Butter Versus Margarine

Do you prefer your toast with butter or margarine? While margarine is often touted as the healthy alternative to butter because it helps to lower cholesterol, there are a number of nutritional concerns that must be considered. Here are how these two popular spreads compare to each other.


Butter is a naturally made dairy product that has been around for centuries. It is made by churning fresh or fermented milk until the milk fat globules join together to form pale yellow clumps of fat known as butter grains. Butter is typically made from cows' milk but can also be made from many other animals including goats, sheep, and yaks. Salt and other flavorings are often added to the butter, although unsalted natural butter is also available. The latter is popular in Europe.

Butter is a solid when refrigerated but softens to a spreadable consistency at room temperature. Like margarine, it is used as a spread and a condiment, as well as for baking, sauces, pan frying, and various other cooking applications.


The French chemist Hippolyte Mège-Mouriès patented oleomargarine (shortened to margarine) in 1896 when the Emperor Louis Napoleon III of France offered a prize to whoever could make a substitute for butter which would be suitable for use by lower classes and the armed forces.

Once made from beef fat, most margarines today are made by combining vegetable oils (fats) with skim milk, salt, and emulsifiers. Coloring agents and vitamins A and D are often added to margarine to match the color and vitamin content of butter. Some of the best-tasting margarines are those blended with butter or other milk products. One of the best known products of this type is "I Can't Believe It's Not Butter".

Fat Content

Butter and margarine both contain approximately 80% fat and 20% water and solids. The main difference between them is the type of fat. Butter contains more cholesterol and saturated fat than margarine. On the other hand, butter does not contain the trans-fatty acids found in some margarines.

Margarines, as a whole, are lower in saturated fats than butter. However, many margarines contain trans fats that significantly raise undesirable LDL cholesterol levels and increase the risk of heart disease. Fortunately, a number of margarine products have been introduced in recent years that contain little or no trans fat.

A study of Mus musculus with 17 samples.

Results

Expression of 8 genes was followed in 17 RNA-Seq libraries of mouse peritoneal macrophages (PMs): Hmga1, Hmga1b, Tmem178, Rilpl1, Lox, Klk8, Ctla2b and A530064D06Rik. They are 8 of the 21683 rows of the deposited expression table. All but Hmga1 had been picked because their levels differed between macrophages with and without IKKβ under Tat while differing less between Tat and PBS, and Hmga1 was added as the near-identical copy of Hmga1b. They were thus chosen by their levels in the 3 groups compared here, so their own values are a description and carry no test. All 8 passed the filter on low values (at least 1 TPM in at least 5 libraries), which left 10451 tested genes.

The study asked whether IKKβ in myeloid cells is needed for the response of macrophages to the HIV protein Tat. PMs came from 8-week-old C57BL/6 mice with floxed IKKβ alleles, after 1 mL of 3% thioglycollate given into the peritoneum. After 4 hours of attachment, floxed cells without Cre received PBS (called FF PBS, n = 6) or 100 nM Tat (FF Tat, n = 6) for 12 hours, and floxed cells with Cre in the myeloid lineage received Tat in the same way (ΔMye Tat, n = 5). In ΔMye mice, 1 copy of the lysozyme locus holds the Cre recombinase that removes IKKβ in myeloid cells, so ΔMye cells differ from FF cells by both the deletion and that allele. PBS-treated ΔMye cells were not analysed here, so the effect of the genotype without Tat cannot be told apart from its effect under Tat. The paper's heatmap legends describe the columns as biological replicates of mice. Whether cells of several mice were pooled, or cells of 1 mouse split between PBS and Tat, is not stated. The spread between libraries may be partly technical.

The more solid the margarine, the more saturated fat and/or trans fat it contains. The worst offender is stick margarine, typically used for cooking and baking. A healthier option is blended margarines which are softer and come in a tub. They are made from mono- or polyunsaturated fats such as cottonseed, safflower, soybean, sunflower, or olive oil.

Health Benefits

Although margarine is often recommended as a healthier substitute for butter, studies have determined that some margarines are actually worse than butter. One has to factor in the type of margarine, trans fat and saturated fat levels, amount of artificial preservatives, etc.

Butter, especially organic butter, contains natural fatty acids that help the body to absorb nutrients found in vegetables and other foods. In addition, butter is a rich source of fat-soluble vitamins including vitamins A, D, E and K. Small amounts of butter in the diet can help with weight control by providing a satiety effect.

Dr. Weston Price, the author of the book, Nutrition and Physical Degeneration, identified that a certain ‘factor x’ in butter is essential for proper growth and development of the bone structure. In an experiment, he was able to reverse severe tooth decay in children by feeding them one meal a day of highly nutritious food, including butter.

Many people who are sensitive to cow’s milk dairy products are still tolerant of butter. This is because butter is almost pure fat and doesn’t contain many of the allergens, such as protein (casein) or milk sugar (lactose), which are found in most other milk products.


Butter is more expensive than margarine although the price gap between the two has narrowed over the years.